Tom Gargani*, Tom Raster**

Séminaires internes
phd seminar

Tom Gargani*, Tom Raster**

Inequality Measurement of Ordinal Variables*
Breaking the ice: The persistent effect of pioneers on trade relationships**

IBD Salle 21

Îlot Bernard du Bois - Salle 21

5-9 boulevard Maurice Bourdet
13001 Marseille

Mardi 7 novembre 2023| 11:00 - 12:30

Lucie Giorgi : lucie.giorgi[at]
Ricardo Guzman : ricardo.guzman[at]
Natalia Labrador : natalia.labrador-bernate[at]
Nathan Vieira : nathan.vieira[at]


*My research focuses on measuring the inequality of ordinal variables. In this presentation, I will reiterate the problem highlighted by Alisson and Foster (2004) when trying to measure the inequality of such variables. I will discuss the solutions proposed in the literature, focusing specifically on the article by Gravel and al (2021), in order to introduce new measurement tools.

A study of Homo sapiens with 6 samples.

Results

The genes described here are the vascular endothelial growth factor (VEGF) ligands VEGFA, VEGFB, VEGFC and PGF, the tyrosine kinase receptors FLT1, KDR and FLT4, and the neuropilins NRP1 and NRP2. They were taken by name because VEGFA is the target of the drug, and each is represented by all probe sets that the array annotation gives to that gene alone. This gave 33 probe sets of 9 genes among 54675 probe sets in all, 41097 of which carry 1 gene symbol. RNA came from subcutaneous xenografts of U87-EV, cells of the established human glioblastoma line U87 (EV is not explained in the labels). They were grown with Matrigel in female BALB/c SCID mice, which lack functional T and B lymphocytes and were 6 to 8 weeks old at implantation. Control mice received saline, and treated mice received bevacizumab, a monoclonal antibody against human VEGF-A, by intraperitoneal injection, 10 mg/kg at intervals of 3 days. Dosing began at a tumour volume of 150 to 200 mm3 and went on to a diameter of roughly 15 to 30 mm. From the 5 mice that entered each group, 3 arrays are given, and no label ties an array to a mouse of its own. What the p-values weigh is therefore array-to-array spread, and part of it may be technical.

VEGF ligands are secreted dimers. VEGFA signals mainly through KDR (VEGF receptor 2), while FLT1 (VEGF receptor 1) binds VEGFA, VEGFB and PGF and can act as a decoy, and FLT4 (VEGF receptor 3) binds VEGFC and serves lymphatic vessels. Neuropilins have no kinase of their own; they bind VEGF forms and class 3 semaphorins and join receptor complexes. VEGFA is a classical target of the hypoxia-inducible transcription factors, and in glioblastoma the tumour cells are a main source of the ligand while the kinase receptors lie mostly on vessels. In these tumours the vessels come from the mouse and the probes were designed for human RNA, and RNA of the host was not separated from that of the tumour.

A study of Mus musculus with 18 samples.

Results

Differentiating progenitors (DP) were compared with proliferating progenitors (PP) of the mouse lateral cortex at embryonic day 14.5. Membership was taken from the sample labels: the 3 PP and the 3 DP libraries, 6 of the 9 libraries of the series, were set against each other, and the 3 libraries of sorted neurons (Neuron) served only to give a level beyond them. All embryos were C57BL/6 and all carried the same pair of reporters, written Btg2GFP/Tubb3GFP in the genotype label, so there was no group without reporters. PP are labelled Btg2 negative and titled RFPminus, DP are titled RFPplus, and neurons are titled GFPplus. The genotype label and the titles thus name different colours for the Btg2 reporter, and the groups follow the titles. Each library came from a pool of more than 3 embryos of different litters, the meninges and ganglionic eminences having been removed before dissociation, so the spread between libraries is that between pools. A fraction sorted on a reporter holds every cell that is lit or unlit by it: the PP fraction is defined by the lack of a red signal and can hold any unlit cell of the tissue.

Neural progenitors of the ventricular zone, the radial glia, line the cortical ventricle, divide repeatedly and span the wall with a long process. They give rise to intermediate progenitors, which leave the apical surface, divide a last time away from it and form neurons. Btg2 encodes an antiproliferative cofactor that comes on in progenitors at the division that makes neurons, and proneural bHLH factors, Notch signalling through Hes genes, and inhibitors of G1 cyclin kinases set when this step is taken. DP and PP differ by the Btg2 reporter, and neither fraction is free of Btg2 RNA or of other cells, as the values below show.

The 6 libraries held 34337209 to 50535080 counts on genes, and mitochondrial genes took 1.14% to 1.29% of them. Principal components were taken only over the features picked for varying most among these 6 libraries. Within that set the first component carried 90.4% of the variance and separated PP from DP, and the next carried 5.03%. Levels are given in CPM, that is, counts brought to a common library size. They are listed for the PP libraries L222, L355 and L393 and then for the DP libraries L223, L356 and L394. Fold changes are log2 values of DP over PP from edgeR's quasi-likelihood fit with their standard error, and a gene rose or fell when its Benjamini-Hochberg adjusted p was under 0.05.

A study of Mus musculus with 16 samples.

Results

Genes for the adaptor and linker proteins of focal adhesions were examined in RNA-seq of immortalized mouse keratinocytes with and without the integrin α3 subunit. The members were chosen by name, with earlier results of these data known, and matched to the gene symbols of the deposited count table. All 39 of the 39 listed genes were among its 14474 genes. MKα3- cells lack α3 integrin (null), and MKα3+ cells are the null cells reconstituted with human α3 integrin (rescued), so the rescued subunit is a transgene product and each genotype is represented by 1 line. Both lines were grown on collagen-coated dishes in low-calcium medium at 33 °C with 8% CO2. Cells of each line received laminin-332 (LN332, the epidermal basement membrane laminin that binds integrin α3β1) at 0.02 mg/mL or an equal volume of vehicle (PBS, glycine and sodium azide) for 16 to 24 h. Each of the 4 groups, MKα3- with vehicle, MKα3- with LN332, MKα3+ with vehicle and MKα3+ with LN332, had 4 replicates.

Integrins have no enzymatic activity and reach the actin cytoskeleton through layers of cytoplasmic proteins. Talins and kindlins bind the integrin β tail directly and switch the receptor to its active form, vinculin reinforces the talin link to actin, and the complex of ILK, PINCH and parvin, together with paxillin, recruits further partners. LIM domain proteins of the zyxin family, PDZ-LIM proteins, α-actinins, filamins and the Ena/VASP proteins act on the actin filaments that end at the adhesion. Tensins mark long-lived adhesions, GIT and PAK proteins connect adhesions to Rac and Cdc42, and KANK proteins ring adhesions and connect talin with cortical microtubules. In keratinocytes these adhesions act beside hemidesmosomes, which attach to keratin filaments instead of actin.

**Trade continues to be impeded by borders and distance to a puzzling degree. An influential (but untested) theory attributes this underperformance of trade to an insufficient number of 'pioneer' firms that create new trade links. This paper provides the first causal evidence of the effect of individual pioneers on aggregate trade and growth. I compile all 1.4 million sea captain voyages between Baltic Sea ports and the rest of the world from 1500 to the 1850s. For identification, I exploit events at sea that affect individual captains, such as the temporary obstruction of ports by sea ice, which forces captains to pioneer new ports. I find that the pioneering of an individual captain spills over to the total trade of a town, increasing it by 2 to 4\%. These effects are even greater when sea ice forces captains to become pioneers. I show that this is due to the pioneering of more distant ports in terms of kilometers, religion, language, and product mix. In the absence of forced experimentation, pioneers select \textit{less} distant ports, which tend to be less successful. Together, these findings demonstrate the effects of individuals (and their behavioral biases) on aggregate trade and growth. For policy, this suggests that even small interventions that promote pioneering in distant destinations can have large effects.